Can You Balance An Egg On Its End On The First Day Of Spring?

Spring begins today, March 20, in the Northern Hemisphere.

The rumour that it’s possible to stand an egg on its end on the first day of spring, also known as the vernal equinox, is only partly true.

It is possible to stand an egg on its head. But it has nothing to do with it being the first day of spring. It can be performed any day of the year.

This party trick most likely has to with the texture of the egg shell (a smoother shell probably won’t grip to the surface as well) and the skill of the egg handler.

There are no changes in gravity alignment between the sun and the Earth, which has sometimes been attributed the eggs balancing specifically on the spring equinox.

If you don’t believe us, here’s a little anecdote from Bad Astronomy’s Philip Plait:

I recently received an email from Lisa Vincent, who teaches at the Mancelona Middle School in Mancelona, Michigan. She and her class decided to test the egg-myth for themselves, and had her students try it on October 16, 1999.

Not only did they get eggs to balance, but they got them to balance on their short ends! This is a feat I have never been able to reproduce. For proof, they sent me images of their eggs, which I present here. Note that the eggs are indeed standing on their short ends. Incidentally, Ms. Vincent told me the eggs remained standing for over a month. Usually a random vibration would knock an egg over, but in the image it looks to me like they were standing on a standard high school chemistry class work table and sink, which are designed to be very sturdy. That was a good choice!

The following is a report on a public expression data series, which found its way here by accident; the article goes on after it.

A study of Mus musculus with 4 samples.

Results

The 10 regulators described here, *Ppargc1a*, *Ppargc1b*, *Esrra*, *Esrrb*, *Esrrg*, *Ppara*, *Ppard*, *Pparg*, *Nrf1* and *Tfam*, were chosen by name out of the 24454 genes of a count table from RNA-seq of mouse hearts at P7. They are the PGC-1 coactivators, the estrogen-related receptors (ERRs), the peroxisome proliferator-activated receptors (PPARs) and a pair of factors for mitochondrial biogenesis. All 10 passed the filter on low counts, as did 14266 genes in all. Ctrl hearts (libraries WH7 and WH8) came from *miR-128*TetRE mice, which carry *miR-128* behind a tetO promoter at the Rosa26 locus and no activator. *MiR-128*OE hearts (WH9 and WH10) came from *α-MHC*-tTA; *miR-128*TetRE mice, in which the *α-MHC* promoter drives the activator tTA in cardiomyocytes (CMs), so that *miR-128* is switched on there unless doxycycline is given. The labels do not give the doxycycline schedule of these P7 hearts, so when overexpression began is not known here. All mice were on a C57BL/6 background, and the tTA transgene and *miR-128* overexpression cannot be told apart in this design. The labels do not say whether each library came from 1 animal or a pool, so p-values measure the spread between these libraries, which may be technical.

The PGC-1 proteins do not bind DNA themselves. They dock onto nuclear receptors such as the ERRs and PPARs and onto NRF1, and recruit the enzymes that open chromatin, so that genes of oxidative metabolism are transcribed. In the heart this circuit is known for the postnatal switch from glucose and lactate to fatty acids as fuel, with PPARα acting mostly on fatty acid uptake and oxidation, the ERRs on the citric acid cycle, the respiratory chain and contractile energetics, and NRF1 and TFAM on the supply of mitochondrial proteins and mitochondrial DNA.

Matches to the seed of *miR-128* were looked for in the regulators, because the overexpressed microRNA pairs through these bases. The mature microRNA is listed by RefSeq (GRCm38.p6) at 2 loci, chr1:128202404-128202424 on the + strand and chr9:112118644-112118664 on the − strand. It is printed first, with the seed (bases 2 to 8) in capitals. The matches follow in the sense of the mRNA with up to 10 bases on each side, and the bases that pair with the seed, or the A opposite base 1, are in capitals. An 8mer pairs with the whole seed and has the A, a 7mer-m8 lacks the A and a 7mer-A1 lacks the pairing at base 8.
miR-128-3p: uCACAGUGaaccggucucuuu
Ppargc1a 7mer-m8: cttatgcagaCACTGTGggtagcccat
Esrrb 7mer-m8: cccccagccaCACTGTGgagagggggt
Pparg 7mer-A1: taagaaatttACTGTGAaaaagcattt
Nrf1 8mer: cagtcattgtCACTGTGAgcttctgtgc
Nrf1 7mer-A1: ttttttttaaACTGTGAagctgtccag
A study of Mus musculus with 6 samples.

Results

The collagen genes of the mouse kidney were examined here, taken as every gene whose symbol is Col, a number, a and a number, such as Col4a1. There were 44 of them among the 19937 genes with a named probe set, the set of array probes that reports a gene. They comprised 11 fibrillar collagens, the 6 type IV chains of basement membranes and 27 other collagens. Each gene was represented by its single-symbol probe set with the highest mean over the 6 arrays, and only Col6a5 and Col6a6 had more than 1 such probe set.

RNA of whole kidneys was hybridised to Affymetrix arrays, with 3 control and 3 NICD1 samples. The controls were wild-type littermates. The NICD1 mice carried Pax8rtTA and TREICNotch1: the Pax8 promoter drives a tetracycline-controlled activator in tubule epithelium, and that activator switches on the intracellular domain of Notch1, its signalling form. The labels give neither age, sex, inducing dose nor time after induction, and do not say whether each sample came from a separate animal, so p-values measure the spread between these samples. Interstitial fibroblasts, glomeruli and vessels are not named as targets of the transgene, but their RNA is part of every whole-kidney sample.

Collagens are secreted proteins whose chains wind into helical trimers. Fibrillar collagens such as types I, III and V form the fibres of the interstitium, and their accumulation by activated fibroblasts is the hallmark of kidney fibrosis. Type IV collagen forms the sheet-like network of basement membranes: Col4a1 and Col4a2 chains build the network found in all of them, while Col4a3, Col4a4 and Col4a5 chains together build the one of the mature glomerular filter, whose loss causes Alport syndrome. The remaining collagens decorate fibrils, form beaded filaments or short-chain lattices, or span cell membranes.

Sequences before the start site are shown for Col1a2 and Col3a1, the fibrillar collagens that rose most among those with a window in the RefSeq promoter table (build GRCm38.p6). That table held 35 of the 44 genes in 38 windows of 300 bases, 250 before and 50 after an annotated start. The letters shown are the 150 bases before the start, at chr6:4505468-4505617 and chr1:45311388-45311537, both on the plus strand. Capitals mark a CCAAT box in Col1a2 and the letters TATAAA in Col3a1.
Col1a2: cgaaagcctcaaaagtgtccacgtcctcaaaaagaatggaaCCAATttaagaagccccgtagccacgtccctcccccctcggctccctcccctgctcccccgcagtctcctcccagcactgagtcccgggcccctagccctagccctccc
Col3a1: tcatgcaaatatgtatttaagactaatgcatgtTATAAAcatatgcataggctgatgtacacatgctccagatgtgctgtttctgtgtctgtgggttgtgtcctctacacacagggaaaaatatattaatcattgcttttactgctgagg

The four seasons — spring, summer, autumn, and winter — depend on the Earth’s tilt. Twice a year, on the spring and the fall equinox, the angle of the Earth on its axis is perpendicular to the sun.

(That also means that if this spring egg standing theory were correct you could perform the same trick on the first day of fall.)

The only thing the first day of spring means for people on Earth is that day and night are the exact same length, each 12 hours long. Equinox, by the way, means “equal night.”